By Gustavo Arellano
By R. Scott Moxley
By Alfonso Delgado
By Courtney Hamilton
By Joel Beers
By Peter Maguire
By Charles Lam
By Charles Lam
When people enter the new auditorium, which is painted a blinding white, they find the school orchestra warming up. The orchestra ranges in age from 8 to 18, which is how the school is set up—preschool to high school, age not as important as proficiency and understanding. The elementary and junior high-age kids don't receive letter grades. As the orchestra plays, kids wander in and out of the room dressed in T-shirts and jeans or shorts. Same goes for the orchestra, which varies from kids in ties to the untucked shirt, black jeans and white tennis shoes of 15-year-old violin soloist Jason Yoon, who will play Elgar's "Salute D'Amor" during the ceremony. The orchestra continues to practice until their director tells them they can do what they like, just be back in a few minutes. Some of the kids bolt, others run to hug teachers. The pianist breaks into the Dave Brubeck standard "Take Five," while a saxophonist varies freely between the themes from Raiders of the Lost Ark and Star Wars. Kids move everywhere. Two of them pound mercilessly on a drum set. All this while adults sit quietly, looking straight ahead. Among them is the school's director, Dr. Glory Ludwick, a psychiatrist who started what was then the state's first private school for gifted children in 1958, using her own studies of the brain as a pedagogical foundation. Teachers will tell you she is the most innovative educator they've ever met. They'll tell you they've never heard her raise her voice in anger. They call her "amazing" and "brilliant."
At present, she's looking a bit lost, standing in the middle of the auditorium, holding a wire basket of programs someone did up on their computer. She looks around and finds a student in a KLOS T-shirt, whom she asks for assistance. But the boy doesn't want to, so he hands them off to a boy who does. It's past 10 a.m., the appointed time for the ceremony, and it's clear that it won't be starting any time soon. This apparently bothers no one. There are no teachers chasing after students, no orchestra leaders tracking down musicians. At 10:15, they discover the stage microphone isn't working. Someone asks a student to take care of it; he does.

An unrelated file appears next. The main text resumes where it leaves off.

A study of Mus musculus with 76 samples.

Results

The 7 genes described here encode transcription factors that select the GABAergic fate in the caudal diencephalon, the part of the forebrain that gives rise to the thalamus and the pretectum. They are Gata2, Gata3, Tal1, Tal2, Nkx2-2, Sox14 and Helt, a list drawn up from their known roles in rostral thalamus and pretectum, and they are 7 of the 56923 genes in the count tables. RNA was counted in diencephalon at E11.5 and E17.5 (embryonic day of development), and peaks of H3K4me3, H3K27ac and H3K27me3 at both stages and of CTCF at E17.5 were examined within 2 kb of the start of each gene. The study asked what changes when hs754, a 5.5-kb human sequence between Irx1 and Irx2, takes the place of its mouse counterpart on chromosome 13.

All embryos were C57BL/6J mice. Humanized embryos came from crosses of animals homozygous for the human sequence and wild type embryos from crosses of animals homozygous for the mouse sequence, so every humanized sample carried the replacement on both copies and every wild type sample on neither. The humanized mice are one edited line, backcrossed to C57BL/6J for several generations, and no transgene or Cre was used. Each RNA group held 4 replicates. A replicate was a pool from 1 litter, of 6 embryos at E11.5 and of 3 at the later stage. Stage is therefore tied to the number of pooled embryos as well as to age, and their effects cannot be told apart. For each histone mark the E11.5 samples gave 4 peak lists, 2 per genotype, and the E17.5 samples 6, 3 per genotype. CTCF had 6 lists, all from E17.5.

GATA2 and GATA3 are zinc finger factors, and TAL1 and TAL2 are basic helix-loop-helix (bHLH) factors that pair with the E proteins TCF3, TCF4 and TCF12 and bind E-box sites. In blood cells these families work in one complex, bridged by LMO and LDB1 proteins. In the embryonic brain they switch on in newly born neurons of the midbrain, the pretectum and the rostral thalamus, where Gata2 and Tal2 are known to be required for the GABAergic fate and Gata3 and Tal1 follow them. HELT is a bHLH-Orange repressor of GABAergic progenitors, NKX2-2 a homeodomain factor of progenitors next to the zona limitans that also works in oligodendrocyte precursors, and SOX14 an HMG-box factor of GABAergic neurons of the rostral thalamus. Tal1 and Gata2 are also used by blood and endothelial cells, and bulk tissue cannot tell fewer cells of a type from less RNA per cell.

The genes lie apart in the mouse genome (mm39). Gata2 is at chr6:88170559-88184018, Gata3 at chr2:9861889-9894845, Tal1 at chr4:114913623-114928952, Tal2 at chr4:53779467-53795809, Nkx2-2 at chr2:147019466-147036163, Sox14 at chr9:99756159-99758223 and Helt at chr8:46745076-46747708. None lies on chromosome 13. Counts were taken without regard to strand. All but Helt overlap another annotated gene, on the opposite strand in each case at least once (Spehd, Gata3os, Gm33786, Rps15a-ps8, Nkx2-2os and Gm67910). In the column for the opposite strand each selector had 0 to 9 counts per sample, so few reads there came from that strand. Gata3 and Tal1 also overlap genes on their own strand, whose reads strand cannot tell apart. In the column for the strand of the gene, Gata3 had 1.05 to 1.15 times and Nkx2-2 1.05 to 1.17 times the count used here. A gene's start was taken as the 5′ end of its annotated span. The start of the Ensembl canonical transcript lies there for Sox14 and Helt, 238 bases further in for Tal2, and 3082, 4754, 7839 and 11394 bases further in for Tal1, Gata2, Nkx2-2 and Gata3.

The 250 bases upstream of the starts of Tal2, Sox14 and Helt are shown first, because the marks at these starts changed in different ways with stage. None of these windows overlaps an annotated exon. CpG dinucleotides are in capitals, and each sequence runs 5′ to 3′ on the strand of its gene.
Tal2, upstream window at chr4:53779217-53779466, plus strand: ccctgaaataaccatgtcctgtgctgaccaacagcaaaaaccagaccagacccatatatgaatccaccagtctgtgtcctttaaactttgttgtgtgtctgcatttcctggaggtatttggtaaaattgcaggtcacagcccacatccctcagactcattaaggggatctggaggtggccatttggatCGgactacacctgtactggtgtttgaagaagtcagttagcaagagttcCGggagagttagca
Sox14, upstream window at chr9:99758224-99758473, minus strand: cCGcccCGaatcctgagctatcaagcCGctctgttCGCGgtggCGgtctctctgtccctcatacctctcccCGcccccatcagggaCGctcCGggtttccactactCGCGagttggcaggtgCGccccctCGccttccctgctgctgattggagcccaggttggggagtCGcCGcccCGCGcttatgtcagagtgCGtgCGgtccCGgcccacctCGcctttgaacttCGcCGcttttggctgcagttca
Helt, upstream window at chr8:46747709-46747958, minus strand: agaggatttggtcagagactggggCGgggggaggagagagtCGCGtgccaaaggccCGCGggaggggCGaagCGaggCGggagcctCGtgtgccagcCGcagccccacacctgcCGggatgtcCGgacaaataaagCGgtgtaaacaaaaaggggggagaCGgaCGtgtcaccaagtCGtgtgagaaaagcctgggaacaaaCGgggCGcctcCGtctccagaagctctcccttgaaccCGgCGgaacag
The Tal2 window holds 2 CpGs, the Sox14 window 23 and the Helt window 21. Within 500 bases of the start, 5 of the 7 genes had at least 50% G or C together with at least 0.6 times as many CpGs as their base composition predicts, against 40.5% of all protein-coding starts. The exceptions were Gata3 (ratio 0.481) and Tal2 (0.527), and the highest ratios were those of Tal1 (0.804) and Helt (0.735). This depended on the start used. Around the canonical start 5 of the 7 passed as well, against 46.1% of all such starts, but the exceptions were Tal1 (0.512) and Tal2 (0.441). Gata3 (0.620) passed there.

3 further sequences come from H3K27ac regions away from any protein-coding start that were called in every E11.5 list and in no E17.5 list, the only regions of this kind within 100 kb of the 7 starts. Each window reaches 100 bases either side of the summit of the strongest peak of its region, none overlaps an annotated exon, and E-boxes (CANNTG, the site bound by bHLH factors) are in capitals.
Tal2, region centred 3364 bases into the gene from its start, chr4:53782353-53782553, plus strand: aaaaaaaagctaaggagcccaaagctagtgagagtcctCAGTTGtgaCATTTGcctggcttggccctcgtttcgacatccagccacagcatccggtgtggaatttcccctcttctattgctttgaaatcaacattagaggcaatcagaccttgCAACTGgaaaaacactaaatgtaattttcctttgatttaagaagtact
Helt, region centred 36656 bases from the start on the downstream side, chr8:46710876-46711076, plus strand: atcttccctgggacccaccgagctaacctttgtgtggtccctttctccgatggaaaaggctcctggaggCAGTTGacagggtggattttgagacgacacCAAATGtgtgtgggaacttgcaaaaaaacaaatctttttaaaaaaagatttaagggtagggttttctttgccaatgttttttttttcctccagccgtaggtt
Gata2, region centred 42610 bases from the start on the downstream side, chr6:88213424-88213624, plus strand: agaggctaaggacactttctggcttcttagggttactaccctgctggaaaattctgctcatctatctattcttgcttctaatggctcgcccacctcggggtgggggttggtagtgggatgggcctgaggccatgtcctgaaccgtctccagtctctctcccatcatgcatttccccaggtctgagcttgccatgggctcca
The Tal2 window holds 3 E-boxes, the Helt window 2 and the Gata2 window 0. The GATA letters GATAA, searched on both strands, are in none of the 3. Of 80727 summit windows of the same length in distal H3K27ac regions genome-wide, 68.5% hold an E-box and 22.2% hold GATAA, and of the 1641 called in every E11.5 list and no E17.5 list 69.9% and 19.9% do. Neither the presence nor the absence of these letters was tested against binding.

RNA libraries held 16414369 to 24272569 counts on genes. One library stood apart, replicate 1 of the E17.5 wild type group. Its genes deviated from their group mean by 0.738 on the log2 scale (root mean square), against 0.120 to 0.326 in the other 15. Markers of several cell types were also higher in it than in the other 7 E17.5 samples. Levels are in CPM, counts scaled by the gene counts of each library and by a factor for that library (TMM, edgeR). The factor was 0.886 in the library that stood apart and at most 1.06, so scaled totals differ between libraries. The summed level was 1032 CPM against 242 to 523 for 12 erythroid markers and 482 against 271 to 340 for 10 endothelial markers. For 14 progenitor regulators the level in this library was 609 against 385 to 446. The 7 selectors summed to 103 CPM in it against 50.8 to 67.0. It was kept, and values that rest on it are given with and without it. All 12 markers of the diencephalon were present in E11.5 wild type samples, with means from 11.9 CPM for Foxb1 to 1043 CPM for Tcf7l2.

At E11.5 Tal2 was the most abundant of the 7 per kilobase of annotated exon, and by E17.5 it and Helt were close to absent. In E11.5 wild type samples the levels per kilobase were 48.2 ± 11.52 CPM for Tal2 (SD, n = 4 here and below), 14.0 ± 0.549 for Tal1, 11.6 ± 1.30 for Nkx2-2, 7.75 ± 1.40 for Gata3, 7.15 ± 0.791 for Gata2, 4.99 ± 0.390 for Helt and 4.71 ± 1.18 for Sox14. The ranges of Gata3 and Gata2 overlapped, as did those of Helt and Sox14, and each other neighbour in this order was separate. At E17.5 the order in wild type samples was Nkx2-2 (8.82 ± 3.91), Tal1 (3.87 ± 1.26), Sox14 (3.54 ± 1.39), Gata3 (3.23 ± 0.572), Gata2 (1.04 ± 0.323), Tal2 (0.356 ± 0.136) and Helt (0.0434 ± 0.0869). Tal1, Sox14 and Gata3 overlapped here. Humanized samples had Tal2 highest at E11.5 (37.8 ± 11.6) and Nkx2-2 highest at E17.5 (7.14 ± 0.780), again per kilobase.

At 10:20, the 17 graduates walk in, their camera-toting parents rushing a stage that is adorned only with a curtain, an American flag and a smaller green, yellow and purple flag with "Happy Mardi Gras" on it. The graduates range in age from 16 to 19 because designations like freshman, junior and senior are used only loosely at Emerson. A student graduates when the faculty deems that student ready. They don't count units, but graduates always have more units than they need. When a student displays "mastery," he or she is put on the year-and-a-half track to graduation, since it takes a year for college applications to be prepared, sent and accepted. And everyone who graduates from Emerson goes on to college. The academic standards are rigorous: kids are given the same classes every year; you can't get out of math or science—or art, for that matter—for even a semester. Subjects are visited constantly because, Ludwick says, "we program the brain." But she doesn't care for traditional discipline. Teachers and students work together. Students are expected to respect their teachers and do their work. Teachers are expected to get through to their kids, to make relationships with them, to motivate them. Those who can't are let go. One teacher, Sean Kelly, who taught at Colorado State before coming to Emerson, says he has never sent a kid to the office and doesn't know if there's a structure for discipline. "It's cool," he says.
In fact, there is something written down pertaining to rules, but it's barely two pages long, was written 40 years ago, and contains the directive that children are not to play "Snake in the Grass." When Kelly asks everyone to rise for the Pledge of Allegiance, several in the audience don't. Kelly presents valedictorian Alice Wu, whom he introduces as "my student and my friend." Her voice shaking, Wu says, "Thank you, everyone. We don't want to leave, but it kind of looks like we have to. So thank you, everybody." She sits down in less than a minute. The other valedictorian, Brianna Gerth, who has been at the school practically all her life—since preschool—steps up, thanks everyone, and in less than a minute, sits back down. Awards are given, not only for excellence but for integrity. Every student gets a few presented by teachers who tell stories and cry. Many of the stories have to do with kids overcoming language barriers, since Emerson has an international reputation and regularly has a significant number of international students, especially from Asia. When it's time to hand out diplomas, students come to the front of the stage as Ludwick reaches into a straw basket, draws up a rolled piece of paper, hands it to them and hugs them. The audience claps. The ceremony ends. The graduates move from the stage to a reception in the adjoining room, the orchestra playing "Pomp and Circumstance" one more time before the kid on the piano breaks into one more set of "Take Five.""ABOVE ALL, BE KIND"Bolsa Grande High School, Bolsa Grande football stadium, Garden Grove. June 23, 5 p.m.